4.3m sick days taken in last three years

4.3m sick days taken in last three years
Credit: Shutterstock.com/ RomarioIen

Workers took 4.3 million sick days between 2014 and 2017, with 568,000 of those due to an accident in the workplace, according to research from Direct Line for Business.

Employers are losing on average 1.4 million days of workers’ productivity each year due to sickness.

Since 2014, every day on average 3,927 workers have called in sick to work and 147,000 have been off for more than seven consecutive days.

The construction industry alone lost 392,000 work days between 2014 and 2017 due to employees self-reporting illness caused or made worse by their job.

Stress, depression or anxiety are the most common illnesses keeping people off work, with more than 12.5 million days lost by more than 526,000 workers in the 2016/17 financial year alone

. Musculoskeletal disorders, breathing or lung issues, upper limb or neck problems are other common ailments that keep workers from attending their job.

Focus on the construction industry

Between 2012 and 2017, there were 26,196 non-fatal accidents recorded on building sites and 196 fatal. Almost half (49%) of fatal accidents on a building site were the result of workers falling from a height.

However, not all dangers are high up. When it comes to non-fatal accidents, more than 100,0003 people were injured following a slip, trip or fall, while 84,734 recorded an injury when handling, lifting or carrying something.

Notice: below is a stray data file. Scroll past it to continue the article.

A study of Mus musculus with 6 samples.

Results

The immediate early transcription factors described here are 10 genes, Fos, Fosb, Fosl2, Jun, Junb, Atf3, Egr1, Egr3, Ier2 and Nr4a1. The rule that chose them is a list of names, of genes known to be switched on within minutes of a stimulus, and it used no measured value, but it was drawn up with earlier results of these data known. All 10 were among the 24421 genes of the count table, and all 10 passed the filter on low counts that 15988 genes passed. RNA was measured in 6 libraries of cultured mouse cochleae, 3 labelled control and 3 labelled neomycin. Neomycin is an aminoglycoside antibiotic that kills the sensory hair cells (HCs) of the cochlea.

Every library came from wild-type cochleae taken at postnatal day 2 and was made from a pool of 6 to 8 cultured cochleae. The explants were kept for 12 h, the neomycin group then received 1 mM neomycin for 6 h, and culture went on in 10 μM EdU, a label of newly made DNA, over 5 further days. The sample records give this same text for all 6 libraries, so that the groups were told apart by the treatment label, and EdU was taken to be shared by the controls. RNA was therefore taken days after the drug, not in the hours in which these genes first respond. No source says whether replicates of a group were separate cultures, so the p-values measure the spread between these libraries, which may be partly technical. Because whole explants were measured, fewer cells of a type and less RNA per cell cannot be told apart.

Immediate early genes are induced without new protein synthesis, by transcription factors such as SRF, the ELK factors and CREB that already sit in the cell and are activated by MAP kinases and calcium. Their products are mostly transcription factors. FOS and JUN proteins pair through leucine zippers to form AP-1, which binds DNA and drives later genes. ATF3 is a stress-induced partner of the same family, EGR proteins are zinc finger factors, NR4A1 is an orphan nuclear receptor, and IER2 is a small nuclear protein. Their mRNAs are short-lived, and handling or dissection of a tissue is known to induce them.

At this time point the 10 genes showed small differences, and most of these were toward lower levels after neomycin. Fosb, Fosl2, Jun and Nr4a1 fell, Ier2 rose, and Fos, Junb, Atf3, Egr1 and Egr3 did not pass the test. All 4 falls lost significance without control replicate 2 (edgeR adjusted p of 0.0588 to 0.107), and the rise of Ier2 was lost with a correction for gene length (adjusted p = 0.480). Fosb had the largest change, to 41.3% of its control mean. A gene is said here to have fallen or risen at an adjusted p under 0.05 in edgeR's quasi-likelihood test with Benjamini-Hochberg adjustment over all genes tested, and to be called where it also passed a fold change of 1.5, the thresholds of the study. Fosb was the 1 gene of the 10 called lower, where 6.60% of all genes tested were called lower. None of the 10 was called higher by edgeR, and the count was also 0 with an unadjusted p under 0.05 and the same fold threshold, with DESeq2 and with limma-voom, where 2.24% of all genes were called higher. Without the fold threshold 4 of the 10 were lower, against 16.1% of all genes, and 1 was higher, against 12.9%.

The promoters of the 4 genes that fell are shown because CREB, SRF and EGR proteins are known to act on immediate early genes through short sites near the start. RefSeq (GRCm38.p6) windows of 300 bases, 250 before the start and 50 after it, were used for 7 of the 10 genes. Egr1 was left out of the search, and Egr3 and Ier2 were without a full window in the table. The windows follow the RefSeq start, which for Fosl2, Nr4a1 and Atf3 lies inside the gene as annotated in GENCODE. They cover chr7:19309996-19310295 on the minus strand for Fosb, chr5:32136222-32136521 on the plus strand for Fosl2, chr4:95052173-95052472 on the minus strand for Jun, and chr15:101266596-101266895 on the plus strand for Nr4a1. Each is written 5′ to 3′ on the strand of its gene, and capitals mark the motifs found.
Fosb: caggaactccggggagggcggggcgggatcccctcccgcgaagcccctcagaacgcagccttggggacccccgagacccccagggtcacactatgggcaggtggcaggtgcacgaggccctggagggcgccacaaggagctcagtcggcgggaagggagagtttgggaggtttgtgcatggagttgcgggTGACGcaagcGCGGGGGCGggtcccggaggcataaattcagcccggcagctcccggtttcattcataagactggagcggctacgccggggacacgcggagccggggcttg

During 2015/16, a total of 246 construction cases were brought to trial by the Health and Safety Executive for safety failings that resulted in at least one conviction, while 205 of these cases (83 per cent) resulted in the employer being issued with a fine.

In the following year (2016/17), the number of cases brought to trial that resulted in a conviction fell to 206, with the number of fines also falling to 156 (76%). In the same time-period 65 Improvement Notices and 53 Prohibition Notices were served.

Proving that improvements have been made and lessons learned, 2016/17 saw the lowest number of fatal accidents in the construction industry in the last five years with just 30 deaths, compared to 47 in 2015/16.

This decrease was driven by a decline in the number of fatal accidents caused by falling from a height (down 27%), while deaths caused by being trapped by a collapsed or overturned item fell by 88%.

Matt Boatwright, Head of Direct Line for Business, said: “Our research highlights that further improvements could be made to ensure productivity does not suffer due to sick days following accidents at work.

“Many jobs are dangerous, but the construction industry in particular comes with a lot of risks. A simple slip or fall could have disastrous consequences for an employee and a business as a whole.

“Business owners should ensure they have the appropriate cover in place to cover them should they be liable for an accident occurring due to the work they are undertaking. Employers’ liability will cover them if an employee is injured and public liability cover will be required in the event that an injury is caused to a third party.